Ben Affleck won the best-director Golden Globe for his Iran hostage thriller Argo, while Jennifer Lawrence won best comedy actress and supporting-acting prizes went to Christoph Waltz and Anne Hathaway.
Affleck takes best director for Argo at Golden Globes
Ben Affleck won the best-director Golden Globe for his Iran hostage thriller Argo, a prize that normally bodes well for an Academy Award win - except he missed out on an Oscar nomination this time.
Affleck's now in an unusual position during Hollywood's long awards season, taking home the top filmmaking trophy at the second-highest film honors knowing he does not have a shot at an Oscar.
In a breathless, rapid-fire speech, Affleck gushed over the names of other nominees presenter Halle Berry had read off: Steven Spielberg for Lincoln, Ang Lee for Life of Pi, Kathryn Bigelow for Zero Dark Thirty and Quentin Tarantino for Django Unchained.
"Look, I don't care what the award is. When they put your name next to the names she just read off, it's an extraordinary thing in your life," Affleck said.
Last Thursday's Oscar nominations held some shockers, including the omission of Affleck from the directing lineup, along with fellow Globe nominee Bigelow. Bigelow and Affleck also were nominated for top honors by the Directors Guild of America, whose contenders usually match up closely with the Oscar field.
Jennifer Lawrence won for best musical or comedy actress for the oddball romance Silver Linings Playbook, while supporting-acting prizes went to Austrian Christoph Waltz for the slave-revenge tale Django Unchained and Anne Hathaway for the musical Les Miserables.
The wins Sunday firm up their prospects for Hollywood's top honors at the Academy Awards.
Lawrence won as best actress in a musical or comedy for her role as a troubled widow in a shaky new relationship. The Globe winners in musical or comedy categories often aren't factors at the Oscars, which tend to favor heavier dramatic roles.
But Silver Linings Playbook is a crowd-pleasing comic drama with deeper themes than the usual comedy. And Lawrence - a 2010 Oscar nominee for her breakout film Winter's Bone who shot to superstardom with The Hunger Games - delivers a nice mix of humor and melancholy.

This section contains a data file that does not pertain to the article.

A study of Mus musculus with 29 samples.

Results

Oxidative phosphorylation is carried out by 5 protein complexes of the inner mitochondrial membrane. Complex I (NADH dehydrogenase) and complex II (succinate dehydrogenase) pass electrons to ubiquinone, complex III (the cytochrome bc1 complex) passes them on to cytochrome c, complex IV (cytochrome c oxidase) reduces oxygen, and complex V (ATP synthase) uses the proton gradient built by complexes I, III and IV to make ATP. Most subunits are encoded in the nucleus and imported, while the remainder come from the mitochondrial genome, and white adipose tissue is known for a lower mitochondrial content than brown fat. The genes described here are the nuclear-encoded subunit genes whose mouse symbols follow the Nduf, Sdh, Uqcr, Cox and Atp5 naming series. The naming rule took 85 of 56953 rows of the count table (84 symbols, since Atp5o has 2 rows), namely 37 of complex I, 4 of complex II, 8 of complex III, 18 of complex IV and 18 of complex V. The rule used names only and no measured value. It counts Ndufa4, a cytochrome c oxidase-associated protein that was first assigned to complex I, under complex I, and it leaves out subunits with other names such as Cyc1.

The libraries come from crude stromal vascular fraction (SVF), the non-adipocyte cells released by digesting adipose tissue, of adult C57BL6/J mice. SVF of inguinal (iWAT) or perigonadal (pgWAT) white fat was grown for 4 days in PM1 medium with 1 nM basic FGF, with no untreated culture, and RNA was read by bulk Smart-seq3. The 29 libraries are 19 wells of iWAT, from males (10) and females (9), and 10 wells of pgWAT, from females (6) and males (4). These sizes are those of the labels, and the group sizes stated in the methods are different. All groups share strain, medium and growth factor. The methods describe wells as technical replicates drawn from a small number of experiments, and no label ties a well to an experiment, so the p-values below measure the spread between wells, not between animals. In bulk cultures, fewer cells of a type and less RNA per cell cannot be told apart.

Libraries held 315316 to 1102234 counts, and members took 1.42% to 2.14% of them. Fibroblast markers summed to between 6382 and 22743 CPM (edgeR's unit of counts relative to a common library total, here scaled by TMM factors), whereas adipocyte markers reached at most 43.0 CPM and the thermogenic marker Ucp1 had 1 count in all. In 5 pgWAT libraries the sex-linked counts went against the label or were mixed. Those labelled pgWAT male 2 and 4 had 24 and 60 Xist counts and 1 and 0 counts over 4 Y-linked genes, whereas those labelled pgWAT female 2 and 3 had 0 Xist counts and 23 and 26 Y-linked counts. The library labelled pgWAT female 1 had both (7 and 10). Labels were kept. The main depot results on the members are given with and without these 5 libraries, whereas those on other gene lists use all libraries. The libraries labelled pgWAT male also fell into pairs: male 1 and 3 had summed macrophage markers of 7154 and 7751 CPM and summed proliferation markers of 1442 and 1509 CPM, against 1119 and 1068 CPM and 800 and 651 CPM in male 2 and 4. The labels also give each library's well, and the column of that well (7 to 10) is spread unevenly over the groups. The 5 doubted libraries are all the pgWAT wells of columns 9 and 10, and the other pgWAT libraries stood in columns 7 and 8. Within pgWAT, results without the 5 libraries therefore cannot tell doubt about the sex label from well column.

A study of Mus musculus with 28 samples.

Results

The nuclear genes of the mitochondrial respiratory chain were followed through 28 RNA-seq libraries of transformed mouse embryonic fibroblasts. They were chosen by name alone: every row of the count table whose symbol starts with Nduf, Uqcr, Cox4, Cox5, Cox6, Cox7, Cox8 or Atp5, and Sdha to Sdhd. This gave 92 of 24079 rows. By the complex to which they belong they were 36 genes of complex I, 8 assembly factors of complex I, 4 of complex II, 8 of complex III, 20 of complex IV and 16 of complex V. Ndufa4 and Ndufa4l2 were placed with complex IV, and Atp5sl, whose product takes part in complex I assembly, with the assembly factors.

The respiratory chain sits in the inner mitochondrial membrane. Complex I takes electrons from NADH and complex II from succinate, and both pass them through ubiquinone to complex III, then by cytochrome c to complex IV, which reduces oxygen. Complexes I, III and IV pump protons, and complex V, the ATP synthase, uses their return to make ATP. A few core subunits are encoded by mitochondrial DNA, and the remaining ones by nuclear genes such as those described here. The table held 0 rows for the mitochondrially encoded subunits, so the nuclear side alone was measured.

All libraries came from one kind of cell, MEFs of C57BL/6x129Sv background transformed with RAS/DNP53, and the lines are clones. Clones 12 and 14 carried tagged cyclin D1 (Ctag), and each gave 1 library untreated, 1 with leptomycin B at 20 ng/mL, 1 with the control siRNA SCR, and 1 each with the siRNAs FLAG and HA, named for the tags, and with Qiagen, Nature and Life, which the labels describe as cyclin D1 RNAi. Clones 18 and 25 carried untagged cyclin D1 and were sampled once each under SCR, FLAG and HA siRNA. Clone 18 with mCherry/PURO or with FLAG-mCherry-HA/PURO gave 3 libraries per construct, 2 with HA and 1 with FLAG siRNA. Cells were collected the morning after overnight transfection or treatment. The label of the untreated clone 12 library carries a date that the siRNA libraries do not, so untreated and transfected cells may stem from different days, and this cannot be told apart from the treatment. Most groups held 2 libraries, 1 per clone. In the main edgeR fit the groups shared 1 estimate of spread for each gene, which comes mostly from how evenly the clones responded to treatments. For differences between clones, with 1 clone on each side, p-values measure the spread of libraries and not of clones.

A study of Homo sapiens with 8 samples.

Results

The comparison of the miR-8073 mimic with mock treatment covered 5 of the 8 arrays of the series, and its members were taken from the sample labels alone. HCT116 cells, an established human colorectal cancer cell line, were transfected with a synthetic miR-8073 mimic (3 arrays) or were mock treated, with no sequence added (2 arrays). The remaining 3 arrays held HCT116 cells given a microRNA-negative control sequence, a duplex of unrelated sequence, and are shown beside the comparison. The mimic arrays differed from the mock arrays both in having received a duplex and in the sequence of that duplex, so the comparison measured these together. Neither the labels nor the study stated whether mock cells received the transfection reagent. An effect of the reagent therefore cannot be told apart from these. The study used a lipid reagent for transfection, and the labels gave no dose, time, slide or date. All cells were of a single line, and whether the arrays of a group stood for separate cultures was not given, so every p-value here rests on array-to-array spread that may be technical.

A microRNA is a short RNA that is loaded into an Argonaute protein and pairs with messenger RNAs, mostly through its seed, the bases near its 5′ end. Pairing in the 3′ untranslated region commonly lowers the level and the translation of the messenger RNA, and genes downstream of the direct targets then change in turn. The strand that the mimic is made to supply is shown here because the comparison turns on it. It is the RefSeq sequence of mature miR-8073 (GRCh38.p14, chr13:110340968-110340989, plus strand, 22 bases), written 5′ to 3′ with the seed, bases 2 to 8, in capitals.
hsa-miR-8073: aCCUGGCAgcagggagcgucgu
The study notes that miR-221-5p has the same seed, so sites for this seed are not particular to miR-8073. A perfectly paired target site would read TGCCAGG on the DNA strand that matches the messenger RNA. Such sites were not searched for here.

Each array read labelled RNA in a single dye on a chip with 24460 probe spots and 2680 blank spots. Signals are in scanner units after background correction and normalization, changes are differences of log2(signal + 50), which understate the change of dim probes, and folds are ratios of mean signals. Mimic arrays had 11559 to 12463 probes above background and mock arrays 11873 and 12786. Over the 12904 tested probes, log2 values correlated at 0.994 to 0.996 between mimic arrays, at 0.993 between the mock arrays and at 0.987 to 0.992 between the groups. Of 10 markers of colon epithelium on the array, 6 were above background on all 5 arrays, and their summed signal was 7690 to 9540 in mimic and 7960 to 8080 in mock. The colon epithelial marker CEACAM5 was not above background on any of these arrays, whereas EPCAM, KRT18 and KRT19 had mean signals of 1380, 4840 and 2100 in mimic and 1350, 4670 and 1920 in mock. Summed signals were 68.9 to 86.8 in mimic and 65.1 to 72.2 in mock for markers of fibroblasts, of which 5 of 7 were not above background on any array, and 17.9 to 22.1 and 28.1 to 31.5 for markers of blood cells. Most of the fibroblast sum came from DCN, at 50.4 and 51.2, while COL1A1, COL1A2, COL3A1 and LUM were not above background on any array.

"What does this say? I beat Meryl," Lawrence joked as she looked at her award, referring to fellow nominee and multiple Globe winner Meryl Streep. Lawrence went on to thank her mother for believing in her and her father for making her maintain a sense of humor.
Hathaway's win came for her role as a doomed single mother in the big-screen adaptation of the stage musical based on Victor Hugo's classic novel.
"Thank you for this lovely blunt object that I will forevermore use as a weapon against self-doubt," Hathaway said.
Waltz won supporting actor for his role as a genteel bounty hunter who takes on an ex-slave as apprentice.
The win was Waltz's second supporting-actor prize at the Globes, both of them coming in Tarantino films. Waltz's violent but paternal and polite Django character is a sharp contrast to the wickedly bloodthirsty Nazi he played in his Globe and Oscar-winning role in Tarantino's 2009 tale Inglourious Basterds.
"Let me gasp," said Waltz, whose competition included Django co-star Leonardo DiCaprio. "Quentin, you know that my indebtedness to you and my gratitude knows no words."
Former President Bill Clinton upstaged Hollywood's elite with a surprise appearance to introduce Spielberg's Civil War epicLincoln, which was up for best drama. The film chronicles Abraham Lincoln's final months as he tries to end the war and find common ground in a divided Congress to pass the 13th Amendment abolishing slavery.
Lincoln's effort was "forged in a cauldron of both principle and compromise," Clinton said. "This brilliant film shows us how he did it and gives us hope that we can do it again."
Amy Poehler, co-host of the Globes with Tina Fey, gushed afterward, "Wow, what an exciting special guest! That was Hillary Clinton's husband!"
Lincoln came in with seven nominations to lead the Globes, but it went zero-for-five on its first categories, including director for Spielberg, supporting actress for Sally Field and supporting actor for Tommy Lee Jones. The film also lost for screenplay, a prize that went to Tarantino for Django Unchained.
Tarantino thanked his cast and also the group of friends to whom he reads work-in-progress for reaction.
"You guys don't know how important you are to my process. I don't want input. I don't want you to tell me if I'm doing anything wrong. Heavens forbid," Tarantino said. "When I read it to you, I hear it through your ears, and it lets me know I'm on the right track."
The Scottish tale Brave won for best animated film. It was the sixth win for Disney's Pixar Animation unit in the seven years since the Globes added the category.
Austrian director Michael Haneke's old-age love story Amour, a surprise best-picture nominee for the Oscars, won the Globe for foreign-language film. The top prize winner at last May's Cannes Film Festival, Amour is a grim yet moving portrait of an elderly woman tended by her husband as she is incapacitated by age.
Pop star Adele and co-writer Paul Epworth won for best song for their theme tune to the James Bond adventure Skyfall.
"Oh, my God!" Adele gushed repeatedly, before offering gratitude to the group that presents the Globes. "I'd like to thank the Hollywood Foreign Press. I never thought I'd say that."
The prize for musical score went to Mychael Danna for the lost-at-sea tale Life of Pi.